Aphids are tiny soft-bodied pear shaped insects that can be black, yellow, green, or brown. They are often difficult to see until large colonies have formed. Unlike other insects, aphids are mostly female, can reproduce without mating and give birth to live offspring rather than laying eggs. These females can produce up to 100 daughters in a lifetime and the daughters can start reproducing within 6-8 days of their birth. Aphids cause damage by sucking the sap out of a plant; they especially like the stems, new growth, the underside of leaves, and flower buds. This sap removal causes curling and crinkly leaves and ruins flower buds. Aphids can also serve as a vector in transmitting viruses from plant to plant. As they feed, aphids secrete a sticky waste product called “honeydew.” This honeydew acts as breeding ground for sooty black mold and encourages ants to infest the plant. Black mold ruins the appearance of a plant, retards growth, and prevents photosynthesis. Aphids are difficult to see and reproduce rapidly, so it’s really necessary to check your plant weekly to prevent a major infestation.
If aphids appear on a leather-leafed plant, spray the green solution (equal parts alcohol and water, a few drops of liquid biodegradable soap, and a few drops of mineral oil) or a commercial product called neem oil on all parts of the plant. For furry leafed plants, like African Violet, use a mixture of warm water, a few drops of mineral oil, and a few drops of liquid biodegradable soap.
This small dark skinny pest flies and jumps around plants and people. Fungus Gnats develop in soggy potting
soil, feeding on root hairs and emerging as adults every 30 days.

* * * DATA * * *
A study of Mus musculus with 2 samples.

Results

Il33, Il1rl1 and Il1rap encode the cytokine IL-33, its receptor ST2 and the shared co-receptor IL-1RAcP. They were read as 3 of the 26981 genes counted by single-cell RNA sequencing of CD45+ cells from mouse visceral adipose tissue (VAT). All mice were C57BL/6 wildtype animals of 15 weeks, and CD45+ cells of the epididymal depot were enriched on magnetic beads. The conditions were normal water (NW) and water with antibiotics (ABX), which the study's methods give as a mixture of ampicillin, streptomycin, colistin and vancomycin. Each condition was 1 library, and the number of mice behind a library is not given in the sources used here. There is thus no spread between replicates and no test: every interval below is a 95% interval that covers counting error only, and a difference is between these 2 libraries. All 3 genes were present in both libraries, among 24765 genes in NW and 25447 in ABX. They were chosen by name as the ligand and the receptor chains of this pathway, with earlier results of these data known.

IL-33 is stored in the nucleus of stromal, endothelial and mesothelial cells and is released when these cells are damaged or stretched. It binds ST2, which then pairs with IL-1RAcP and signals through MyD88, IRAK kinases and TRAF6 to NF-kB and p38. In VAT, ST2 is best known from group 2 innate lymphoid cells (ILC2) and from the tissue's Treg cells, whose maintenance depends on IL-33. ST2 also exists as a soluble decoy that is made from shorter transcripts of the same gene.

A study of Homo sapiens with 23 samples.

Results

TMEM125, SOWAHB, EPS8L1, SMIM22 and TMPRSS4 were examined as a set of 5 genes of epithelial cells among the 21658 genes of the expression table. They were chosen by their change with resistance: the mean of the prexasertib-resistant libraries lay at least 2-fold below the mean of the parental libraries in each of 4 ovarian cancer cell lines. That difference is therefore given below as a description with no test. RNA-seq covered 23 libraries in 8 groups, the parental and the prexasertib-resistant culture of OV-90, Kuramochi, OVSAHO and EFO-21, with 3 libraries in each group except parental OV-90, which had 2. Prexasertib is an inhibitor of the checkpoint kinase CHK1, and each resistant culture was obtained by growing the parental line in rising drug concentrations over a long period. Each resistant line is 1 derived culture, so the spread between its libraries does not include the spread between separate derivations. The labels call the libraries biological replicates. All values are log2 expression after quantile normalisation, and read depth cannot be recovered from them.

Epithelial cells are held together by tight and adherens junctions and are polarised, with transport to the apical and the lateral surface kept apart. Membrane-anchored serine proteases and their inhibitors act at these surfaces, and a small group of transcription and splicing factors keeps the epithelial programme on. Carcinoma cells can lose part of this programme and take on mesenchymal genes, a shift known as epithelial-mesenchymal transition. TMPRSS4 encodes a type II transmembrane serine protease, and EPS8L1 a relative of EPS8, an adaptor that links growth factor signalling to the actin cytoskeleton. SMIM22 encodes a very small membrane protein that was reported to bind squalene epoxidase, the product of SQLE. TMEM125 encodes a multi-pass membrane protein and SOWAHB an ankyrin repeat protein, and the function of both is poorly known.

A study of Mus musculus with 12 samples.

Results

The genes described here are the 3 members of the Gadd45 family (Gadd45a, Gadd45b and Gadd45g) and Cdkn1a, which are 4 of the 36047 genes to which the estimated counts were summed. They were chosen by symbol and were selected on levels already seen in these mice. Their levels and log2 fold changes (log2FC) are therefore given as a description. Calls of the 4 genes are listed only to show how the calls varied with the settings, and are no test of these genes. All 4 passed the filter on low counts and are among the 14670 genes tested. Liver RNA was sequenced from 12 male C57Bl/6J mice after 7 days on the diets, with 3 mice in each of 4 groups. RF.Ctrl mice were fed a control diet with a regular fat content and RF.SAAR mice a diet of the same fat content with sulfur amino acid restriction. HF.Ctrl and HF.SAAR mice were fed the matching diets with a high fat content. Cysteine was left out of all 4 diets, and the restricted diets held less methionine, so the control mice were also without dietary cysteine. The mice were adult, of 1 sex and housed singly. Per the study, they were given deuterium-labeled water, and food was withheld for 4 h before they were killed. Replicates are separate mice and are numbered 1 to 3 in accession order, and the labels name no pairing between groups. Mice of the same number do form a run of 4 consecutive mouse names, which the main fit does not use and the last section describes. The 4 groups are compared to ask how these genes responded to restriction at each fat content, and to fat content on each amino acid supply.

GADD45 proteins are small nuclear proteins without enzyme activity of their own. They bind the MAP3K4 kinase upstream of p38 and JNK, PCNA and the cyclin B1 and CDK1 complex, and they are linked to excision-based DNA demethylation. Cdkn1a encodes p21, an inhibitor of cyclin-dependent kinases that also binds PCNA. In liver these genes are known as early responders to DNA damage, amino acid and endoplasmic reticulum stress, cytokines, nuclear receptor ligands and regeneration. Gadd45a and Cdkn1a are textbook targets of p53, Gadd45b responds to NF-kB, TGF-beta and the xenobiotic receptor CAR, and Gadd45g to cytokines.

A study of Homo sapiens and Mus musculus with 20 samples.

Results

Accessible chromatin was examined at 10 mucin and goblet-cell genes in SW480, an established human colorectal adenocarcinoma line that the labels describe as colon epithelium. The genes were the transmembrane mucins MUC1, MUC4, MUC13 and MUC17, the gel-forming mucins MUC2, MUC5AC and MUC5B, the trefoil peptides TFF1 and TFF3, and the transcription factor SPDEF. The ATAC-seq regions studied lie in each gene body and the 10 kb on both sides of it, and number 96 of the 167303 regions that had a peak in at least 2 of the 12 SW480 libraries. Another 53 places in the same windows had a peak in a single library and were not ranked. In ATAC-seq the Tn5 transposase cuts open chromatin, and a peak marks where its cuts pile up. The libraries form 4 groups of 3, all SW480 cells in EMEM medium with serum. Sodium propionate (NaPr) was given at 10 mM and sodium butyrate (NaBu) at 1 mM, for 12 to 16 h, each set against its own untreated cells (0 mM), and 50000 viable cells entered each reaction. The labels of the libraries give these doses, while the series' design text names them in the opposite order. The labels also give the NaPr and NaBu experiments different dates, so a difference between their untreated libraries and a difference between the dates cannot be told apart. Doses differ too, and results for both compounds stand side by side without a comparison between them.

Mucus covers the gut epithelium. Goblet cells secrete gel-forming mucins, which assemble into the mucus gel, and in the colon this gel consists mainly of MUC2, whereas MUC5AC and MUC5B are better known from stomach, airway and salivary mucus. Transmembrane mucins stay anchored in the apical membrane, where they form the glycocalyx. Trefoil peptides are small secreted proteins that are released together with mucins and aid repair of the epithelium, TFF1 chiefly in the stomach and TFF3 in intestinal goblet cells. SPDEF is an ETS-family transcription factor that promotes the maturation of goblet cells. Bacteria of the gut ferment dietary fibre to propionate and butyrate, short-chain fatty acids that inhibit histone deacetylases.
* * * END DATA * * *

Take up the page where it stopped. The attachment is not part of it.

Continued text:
The best way to eliminate Fungus Gnats is to allow the soil to thoroughly dry out. This eliminates the eggs and gnats in the pot. You can use Yellow Sticky cards to trap the Fungus Gnats that are flying around.
Mealy Bugs are one of the most annoying and destructive pests that attack houseplants. A female mealy bug is capable of laying over 500 eggs in less than 2 weeks. These tiny sucking insects look like small pieces of cotton scattered on your plant. When young, mealy bugs have legs and can crawl; this is the best time to treat an infestation. These pests cause damage by sucking the sap out of a plant, concentrating especially on the tender new growth causing spots on the leaves, yellow leaves, leaf drop, slow growth and weak stems. While feeding on the plant, mealy bugs, like aphids, secrete that sticky substance called “honeydew” which acts as a breeding ground for “sooty black mold.” This mold covers leaves and stems ruining the plant’s appearance and interfering with photosynthesis.
When mealy bugs are immature and crawling, it is best to use sticky cards to trap them. Once they mature, Mealy Bugs should be sprayed with the green solution (equal parts alcohol and water, a few drops of liquid biodegradable soap, and a few drops of mineral oil) or a commercial product called neem oil. Be sure the plant is well watered and not in the sun when you spray. Repeat this treatment every 10 days for a month to catch any further eggs that might hatch. On furry leafed plants such as African Violets, dip a Qtip in the green solution and wipe the mealy bugs off. Do not spray the entire leaf.
Soft Brown Scale is the most common scale that attacks indoor houseplants. They are especially attracted to ficus, ivies, spider plants, ferns, aralias and scheffleras. Scale will appear as small bumpy slow moving brown spots. As the scale sucks on the sap of the plant it secretes honeydew which attracts sooty black mold.
Because of its shell-like exterior, sprays are only partially effective against scale. You need to wipe off the lines of brown oval bumps with your finger, a cloth, or a child’s toothbrush then spray the plant with neem oil. Use green solution to clean off the black mold.
This small gnat-like insect, covered in a powdery white wax, feeds on the sap of all types of plants. This causes leaf-drop and eventually weakens the entire plant. While feeding, Whiteflies also secrete “honeydew”. The flying adults lay eggs on the tops of leaves, but it is the immature nymph stage, that feed unnoticed on the underside of the leaves, that do the real damage.
Sticky cards are a good way to trap the flying adults and prevent new eggs. Spray green solution to get rid of the feeding nymphs on the underside of the leaves; for furry leafed plants, like African Violet, use a mixture of warm water, a few drops of mineral oil, and a few drops of liquid biodegradable soap.